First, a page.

Happy Feast Day to all my Franciscan friends and, really, to everyone, seeing as Francis is the world's favorite saint. Not sure Ambrose is going to make it to the blessing of the animals: Getting him in and out of the car is difficult due to his arthritis, even with the ramp I got from a friend. But, we are going to try. Animals bless us every day with their love, it is only fitting we return the favor once a year.
At The Atlantic, Ben Wittes, the editor of Lawfare and a senior fellow at the Brookings Institution, explains why he would not vote to confirm Judge Brett Kavanaugh, precisely because the judge revealed qualities in his character that had been hidden previously. Wittes also explains why the benefit of the doubt should be given to Christine Blasey Ford, and not because of some a priori commitment to always believing the putative victim but based on the testimony itself. Wittes is one of D.C.'s most honest men. I wish someone would put him on the high court.
According to a new Pew poll, Pope Francis' popularity has dropped significantly on account of the clergy sex abuse crisis returning to center stage. Interestingly, among Catholics, the drop is only half as much as among non-Catholics. I do not myself put much credence in polls about religious matters, and I am reasonably confident the pope does not either. In the Scripture, the mob shouts "Hosanna!" one day and "Crucify him!" by week's end. There is a lesson in that.
At First Things, the editors are publishing anonymous columns related to the synod that opened yesterday. The first is a collage of conservative U.S. talking points, myopic in the extreme, and anonymous. I am not sure why this is unsigned, just as I am not sure the theologian Archbishop Chaput published declined to put his or her name on that First Things article. I understand there are times in life, and in journalism, when anonymity is needed: Writers living under totalitarian regimes, whistleblowers in powerful organizations, etc. But, this?
Politics is, for understandable reasons, a place where hypocrisy is common. But, as this article in Politico explains, House Republican candidates are really leading double lives this year. In the case of libertarian Rep. Dave Brat, the hypocrisy cuts differently than the way it does in deep red districts: Behind closed doors, he is all-in for Trump but his public ads aim to avoid divisiveness. In many other districts, it is behind closed doors that the GOP members of Congress mock the Trumpian base. Hard to determine which group is the more obnoxious and dangerous.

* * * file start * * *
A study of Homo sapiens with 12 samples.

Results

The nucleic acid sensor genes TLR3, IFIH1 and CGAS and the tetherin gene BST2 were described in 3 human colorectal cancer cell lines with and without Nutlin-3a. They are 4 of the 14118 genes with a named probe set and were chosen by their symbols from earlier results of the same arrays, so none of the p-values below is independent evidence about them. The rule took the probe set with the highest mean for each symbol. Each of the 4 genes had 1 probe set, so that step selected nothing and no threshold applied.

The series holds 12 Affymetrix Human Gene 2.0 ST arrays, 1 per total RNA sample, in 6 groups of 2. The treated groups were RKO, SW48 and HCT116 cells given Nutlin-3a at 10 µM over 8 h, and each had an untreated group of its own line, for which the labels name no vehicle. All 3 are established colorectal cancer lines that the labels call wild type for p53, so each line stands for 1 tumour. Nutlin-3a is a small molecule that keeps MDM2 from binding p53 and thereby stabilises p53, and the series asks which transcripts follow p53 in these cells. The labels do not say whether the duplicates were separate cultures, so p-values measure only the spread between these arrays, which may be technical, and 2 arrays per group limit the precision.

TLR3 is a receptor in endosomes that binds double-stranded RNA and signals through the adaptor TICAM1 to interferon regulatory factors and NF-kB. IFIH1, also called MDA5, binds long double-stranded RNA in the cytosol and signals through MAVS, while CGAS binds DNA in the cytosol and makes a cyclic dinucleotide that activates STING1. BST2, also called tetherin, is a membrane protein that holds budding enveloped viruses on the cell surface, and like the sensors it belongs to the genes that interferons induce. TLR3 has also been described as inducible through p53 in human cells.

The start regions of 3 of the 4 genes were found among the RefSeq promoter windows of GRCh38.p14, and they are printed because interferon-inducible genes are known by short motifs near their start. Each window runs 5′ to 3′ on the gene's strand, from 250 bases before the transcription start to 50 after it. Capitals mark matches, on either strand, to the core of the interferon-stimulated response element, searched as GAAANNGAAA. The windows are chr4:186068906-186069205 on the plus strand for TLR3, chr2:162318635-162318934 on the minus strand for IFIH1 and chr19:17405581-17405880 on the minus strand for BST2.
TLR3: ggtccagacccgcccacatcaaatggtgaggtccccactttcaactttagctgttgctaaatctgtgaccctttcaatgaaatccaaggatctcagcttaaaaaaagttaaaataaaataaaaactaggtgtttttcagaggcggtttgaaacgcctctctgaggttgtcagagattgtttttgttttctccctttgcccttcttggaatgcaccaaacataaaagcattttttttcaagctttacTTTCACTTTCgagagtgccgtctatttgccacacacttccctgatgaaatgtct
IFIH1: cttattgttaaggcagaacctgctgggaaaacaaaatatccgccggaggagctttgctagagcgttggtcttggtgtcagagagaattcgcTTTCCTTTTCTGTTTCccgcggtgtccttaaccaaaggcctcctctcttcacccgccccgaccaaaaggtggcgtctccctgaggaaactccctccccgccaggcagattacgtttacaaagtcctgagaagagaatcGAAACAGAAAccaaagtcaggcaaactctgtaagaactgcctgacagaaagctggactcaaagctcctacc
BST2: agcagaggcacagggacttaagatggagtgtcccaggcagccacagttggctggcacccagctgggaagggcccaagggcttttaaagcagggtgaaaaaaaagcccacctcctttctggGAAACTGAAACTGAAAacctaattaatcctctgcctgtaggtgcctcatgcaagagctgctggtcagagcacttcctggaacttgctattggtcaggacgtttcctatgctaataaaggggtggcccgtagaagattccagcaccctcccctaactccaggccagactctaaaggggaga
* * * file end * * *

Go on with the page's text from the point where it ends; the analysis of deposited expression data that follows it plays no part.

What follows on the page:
Is Donald Trump secretly promoting same-sex marriage? How else to explain his administration's decision to deny visas to the same-sex, non-married partners of diplomats and U.N. officials? Foreign Policy has the story.
I do not mean to pick on Jesuit Fr. Matt Malone, the editor of America magazine, but he seems to be at his worst intellectually when he finds himself in the midst of controversy. Last week, the journal withdrew its earlier, some would say hasty, endorsement of the nomination of Jesuit-trained Brett Kavanaugh to the U.S. Supreme Court. Clearly, Malone fielded some angry phone calls because on Tuesday he issued an explanation. Towards the end he writes:
"Since the administration of government is inescapably political," the editors of this review wrote in the late spring of 1968, "so is the United States Supreme Court. It follows that partisan politics are relevant to nominations to the Supreme Court, insofar as partisan politics are directed to the great constitutional and political issues of our time."
It is what follows that last phrase, "insofar as," that is most notably missing right now from the public discourse.
You see the problem, yes? Is not the issue of sexual violence against women one of the "great political issues of our time"? Is not the fact that law schools have become breeding grounds for political hacks in robes one of the "great constitutional issues of our time"? Would civility in public discourse stop either of these problems? I do not doubt Malone's good intentions, but surely he can find a less intellectually compromised way to defend the decisions he and his editors make.
[Michael Sean Winters covers the nexus of religion and politics for NCR.]